It’s less than two months until Asia Pacific’s biggest shopping season begins, but consumers are not the only ones counting down. As the holy trinity of shopping festivals – Singles Day, Black Friday, and Cyber Monday – deliver a dramatic upsurge in online traffic, cybercriminals are gearing up for their own windfall in the form of advertising fraud. Like any seasonal holiday, retailers and e-commerce sites will naturally ramp up their digital advertising efforts, a gold mine for fraudsters intending to sabotage these campaigns for financial gain.

For unwitting retailers pouring millions of dollars into digital advertising,  ad fraud is a problem that is bigger – and more costly than most are aware of. Today, digital ad fraud in APAC is estimated to cost $17 million per day, a figure that will only rise during the height of November’s shopping spree. There are three key ways to prevent and minimize the effects of ad fraud. However, first, retailers and digital marketers need to understand the causes and effects of ad fraud; who the criminals are, and what their tactics are.

Widespread misattribution

Ad fraud is primarily when criminals use bots and click farms to exploit advertising platforms and brands by masquerading as real human traffic on digital campaigns. These false clicks inflate the ad’s traffic and impressions, thereby skewing a marketer’s campaign data and wasting their budget. Frustratingly for marketers, ad fraudsters have become increasingly sophisticated at mimicking human behavior, therefore making bot activity hard to detect and curb.

As well as bots, ad fraud also extends to click spam and click injection, whereby fraudsters execute clicks for users who haven’t made them and steal organic users. For e-commerce retailers, ad fraud is highly pervasive, as bots create multiple fake accounts to take advantage of sign-up offers.  Collectively, these tactics hamper a brand’s search engine optimization performance; generate false leads, and pollute sales pipelines and key marketing metrics. They also lead to widespread misattribution of e-commerce app installations and in-app events such as sign-ups and purchases.

For marketers, this is a hard-earned budget down the drain. This year, APAC is expected to spend $60 billion on mobile app install campaigns, of which roughly a third will be spent on e-commerce. However, according to our figures, 40 percent of these installations are invalid. That means $720 million is wasted on activities that will add no value to advertisers. That gargantuan figure comes before the increased return on ad spend from budget going to genuine users is factored in. Ahead of a holiday, retail marketers and agencies invest time, creativity, and energy into exciting and engaging campaigns to draw in their target audience. Seeing that effort and money wasted is highly demoralizing for all involved.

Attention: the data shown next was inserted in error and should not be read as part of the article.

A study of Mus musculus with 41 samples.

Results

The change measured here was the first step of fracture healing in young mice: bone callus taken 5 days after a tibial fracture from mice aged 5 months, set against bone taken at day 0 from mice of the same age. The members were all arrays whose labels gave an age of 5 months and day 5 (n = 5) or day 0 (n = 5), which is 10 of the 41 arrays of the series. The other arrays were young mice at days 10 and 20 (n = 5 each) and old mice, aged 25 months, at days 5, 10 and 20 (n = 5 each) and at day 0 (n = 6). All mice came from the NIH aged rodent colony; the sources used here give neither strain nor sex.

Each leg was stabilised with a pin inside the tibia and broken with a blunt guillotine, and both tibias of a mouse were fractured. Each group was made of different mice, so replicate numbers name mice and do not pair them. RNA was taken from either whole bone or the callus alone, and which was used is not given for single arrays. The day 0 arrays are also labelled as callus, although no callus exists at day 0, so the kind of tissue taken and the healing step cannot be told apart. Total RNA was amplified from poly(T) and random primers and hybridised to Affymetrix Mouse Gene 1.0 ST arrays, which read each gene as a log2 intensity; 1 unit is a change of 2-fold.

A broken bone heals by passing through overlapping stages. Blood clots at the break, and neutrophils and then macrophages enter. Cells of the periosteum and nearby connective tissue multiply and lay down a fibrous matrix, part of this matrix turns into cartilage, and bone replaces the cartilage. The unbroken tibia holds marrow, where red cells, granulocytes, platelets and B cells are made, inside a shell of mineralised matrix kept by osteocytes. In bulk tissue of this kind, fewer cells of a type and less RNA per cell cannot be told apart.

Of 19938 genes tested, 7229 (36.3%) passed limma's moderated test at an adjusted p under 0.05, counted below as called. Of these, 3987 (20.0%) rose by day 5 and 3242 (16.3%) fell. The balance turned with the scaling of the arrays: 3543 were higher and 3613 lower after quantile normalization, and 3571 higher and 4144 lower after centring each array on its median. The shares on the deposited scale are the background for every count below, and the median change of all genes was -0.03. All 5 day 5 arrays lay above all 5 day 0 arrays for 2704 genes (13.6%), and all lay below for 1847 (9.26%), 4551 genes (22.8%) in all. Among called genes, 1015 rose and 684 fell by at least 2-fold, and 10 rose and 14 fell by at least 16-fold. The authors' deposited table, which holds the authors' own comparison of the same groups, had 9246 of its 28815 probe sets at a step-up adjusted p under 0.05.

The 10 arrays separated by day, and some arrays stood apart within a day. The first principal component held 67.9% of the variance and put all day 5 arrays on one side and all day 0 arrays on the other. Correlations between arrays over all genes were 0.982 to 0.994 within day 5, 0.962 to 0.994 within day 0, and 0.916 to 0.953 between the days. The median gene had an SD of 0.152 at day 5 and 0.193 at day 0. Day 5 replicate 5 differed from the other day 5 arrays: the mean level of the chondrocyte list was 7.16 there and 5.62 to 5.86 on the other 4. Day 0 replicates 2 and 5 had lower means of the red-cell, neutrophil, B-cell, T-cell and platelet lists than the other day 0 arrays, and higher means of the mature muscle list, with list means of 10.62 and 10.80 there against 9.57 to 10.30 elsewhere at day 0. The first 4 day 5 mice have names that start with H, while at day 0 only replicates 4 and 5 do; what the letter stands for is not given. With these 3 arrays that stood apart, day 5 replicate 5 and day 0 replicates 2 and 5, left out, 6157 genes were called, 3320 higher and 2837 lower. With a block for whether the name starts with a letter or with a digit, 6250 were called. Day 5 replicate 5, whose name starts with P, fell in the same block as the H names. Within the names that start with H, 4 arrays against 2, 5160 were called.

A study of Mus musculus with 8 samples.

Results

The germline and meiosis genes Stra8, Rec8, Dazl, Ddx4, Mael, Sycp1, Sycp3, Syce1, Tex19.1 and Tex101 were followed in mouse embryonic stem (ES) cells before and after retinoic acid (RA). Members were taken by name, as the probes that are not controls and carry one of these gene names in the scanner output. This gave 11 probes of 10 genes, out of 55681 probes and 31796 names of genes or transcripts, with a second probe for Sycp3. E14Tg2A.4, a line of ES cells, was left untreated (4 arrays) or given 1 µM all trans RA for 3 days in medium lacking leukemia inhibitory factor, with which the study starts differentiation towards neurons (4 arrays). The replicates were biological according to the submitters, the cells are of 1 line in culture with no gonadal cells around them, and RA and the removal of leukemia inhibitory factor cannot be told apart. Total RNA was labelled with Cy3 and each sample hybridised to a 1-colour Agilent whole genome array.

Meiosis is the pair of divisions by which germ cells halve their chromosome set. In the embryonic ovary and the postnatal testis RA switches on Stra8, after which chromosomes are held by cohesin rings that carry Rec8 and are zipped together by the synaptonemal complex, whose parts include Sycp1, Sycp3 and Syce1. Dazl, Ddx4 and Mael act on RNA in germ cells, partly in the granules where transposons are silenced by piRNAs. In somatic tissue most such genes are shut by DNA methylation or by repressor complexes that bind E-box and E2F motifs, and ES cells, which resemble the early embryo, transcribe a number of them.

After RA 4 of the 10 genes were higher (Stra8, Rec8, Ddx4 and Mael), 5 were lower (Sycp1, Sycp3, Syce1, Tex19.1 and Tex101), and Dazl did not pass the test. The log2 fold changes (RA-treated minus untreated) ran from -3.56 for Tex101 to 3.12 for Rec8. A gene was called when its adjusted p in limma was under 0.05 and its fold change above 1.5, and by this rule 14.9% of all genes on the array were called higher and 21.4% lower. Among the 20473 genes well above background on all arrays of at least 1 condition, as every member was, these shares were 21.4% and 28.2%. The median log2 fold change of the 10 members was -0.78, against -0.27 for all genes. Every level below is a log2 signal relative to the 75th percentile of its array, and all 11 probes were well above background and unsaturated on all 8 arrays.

Combating the threat of ad fraud, however, also requires its own time and effort, and preparation is critical. The first step is to keep a close eye on the numbers. Ahead of 11/11, the first of the big shopping festivals, marketers and their agencies will need to set clear metrics and monitor them closely. If any abnormalities occur during a traffic spike, such as small user session times, high bounce rates, and abnormally high click-through rates, there is a potential likelihood of fraudulent traffic.

The next tactic is to refine ad targeting and set tighter audience frameworks for each campaign. The more precisely marketers target their audience, the easier and quicker it is to detect unusual activity. Targeting high-quality websites is also key. Poor-quality sites are more likely to draw ad fraudsters. Marketers and their agencies can mitigate this by targeting a select group of specific, high-value websites, rather than mass-targeting sites with the relevant keywords. Marketers can also blacklist domains and IP addresses.

The final step is to study traffic sources. If, for example, a campaign targeted Singaporean shoppers and a high prevalence of traffic was coming from elsewhere, it may be ad fraudsters coming from that geographic location. Retail marketers and their agencies will also need to be watchful during high spikes of traffic during the shopping season. If conversions or other important metrics are not appearing amid the traffic volume, there may be fraudulent activity occurring.

The November season is now arguably the highlight of APAC’s retail calendar alongside the Lunar New Year. But for retail brands coming under sustained bot attacks, the season of merriment can quickly become one of stress. However, retail marketers who prepare and act swiftly will be counting their investment returns, and not their losses, once the shopping season ends.

Chadwick Kinlay is the Chief Marketing Officer at TrafficGuard.